Robots Join the Workforce


At a black-tie ceremony worthy of the Oscars, SUNY Downstate Medical Center was recognized by the Computerworld Honors Program as a leader in the global IT revolution for its innovative use of robots to enhance the delivery of patient services. Joel Stern, associate director of information services, accepted the 2006 Laureate gold medal on behalf of the Medical Center at the Washington, DC, gala on June 5.
Cisco Systems, a member of Computerworld’s Honors Chairmen's Committee—a group of 100 chairmen/CEOs from leading IT companies who submit nominations for organizations they feel demonstrate extraordinary use of information technology—nominated SUNY Downstate for its use of wireless technology to deploy a high-security robot to deliver medications from the hospital’s pharmacy to its nursing stations. While traveling independently from floor to floor, the robot is constantly tracked by the pharmacy using wireless communications.
“We are honored to have the technology that Downstate uses showcased, ”said Mr. Stern, who devised the wireless robot system. “As an IT director, I’m often involved in initiatives that are critical to patient care, but I seldom see the tangible benefits,” he explained. “In the case of this robot, I know it is helping people. That’s a good feeling.”
Downstate purchased the robot, aka Helpmate, to improve the secure delivery of patient medications. Pharmacists merely need to place medications into the robot’s storage drawers and specify the destination via a menu on its front panel. The robot is able to ride elevators and move through hallways on its own, and internal sensors help it keep track of where it is. But one thing it cannot do is communicate its location to the pharmacy.
Mr. Stern felt it was important to be able to track the robot’s whereabouts. “We put in a Cisco wireless network for two reasons,” he explains. “First, to let the pharmacy know where the robot is at all times, in case it gets stuck, and second, to keep a real-time inventory of what is on the cart, how much has been used, and where it was delivered.”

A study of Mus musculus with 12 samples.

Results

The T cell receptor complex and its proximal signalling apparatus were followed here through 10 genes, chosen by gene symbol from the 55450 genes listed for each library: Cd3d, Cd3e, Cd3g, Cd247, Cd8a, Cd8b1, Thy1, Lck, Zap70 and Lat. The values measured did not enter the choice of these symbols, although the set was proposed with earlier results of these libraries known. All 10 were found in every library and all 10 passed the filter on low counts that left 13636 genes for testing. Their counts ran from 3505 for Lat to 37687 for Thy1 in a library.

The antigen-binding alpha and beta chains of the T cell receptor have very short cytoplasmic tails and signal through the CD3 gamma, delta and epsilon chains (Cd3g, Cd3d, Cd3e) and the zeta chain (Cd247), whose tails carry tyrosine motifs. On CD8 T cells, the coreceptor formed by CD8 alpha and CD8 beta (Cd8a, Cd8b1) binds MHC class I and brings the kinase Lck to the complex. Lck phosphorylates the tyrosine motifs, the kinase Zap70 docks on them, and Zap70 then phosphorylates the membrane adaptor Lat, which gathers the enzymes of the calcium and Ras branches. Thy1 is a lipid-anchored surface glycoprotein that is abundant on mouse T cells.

Many individuals and departments contributed to the success of the project.  In addition to the pharmacy's director, Nicholas Galeota, and Mr. Stern's IT project managers Michael Burns and Jason Wei, they include members of the Scientific and Medical Instrumentation Center, who made certain that the wireless network would not interfere with the telemetry system used to monitor mobile patients, and the Facilities Management & Development team, which facilitated maintenance on the elevators to make it easier for the robot to get in and out.
The wireless robotic system is an unqualified success. By ensuring the safe and timely delivery of medications, hospital efficiency and productivity have increased and so has patient satisfaction. Mr. Stern envisions other practical uses for the wireless network, such as collecting and storing patient data.
“Nurses will be able to take a patient’s vital signs at the bedside, enter the data into an IP-capable hand-held device or laptop computer, and store the data directly on that patient’s computerized medical record,” he explained. “Through the innovative use of new technologies, we can maximize our resources as never before.”
SUNY Downstate Medical Center is the only academic medical center in Brooklyn, serving the borough’s more than two million inhabitants.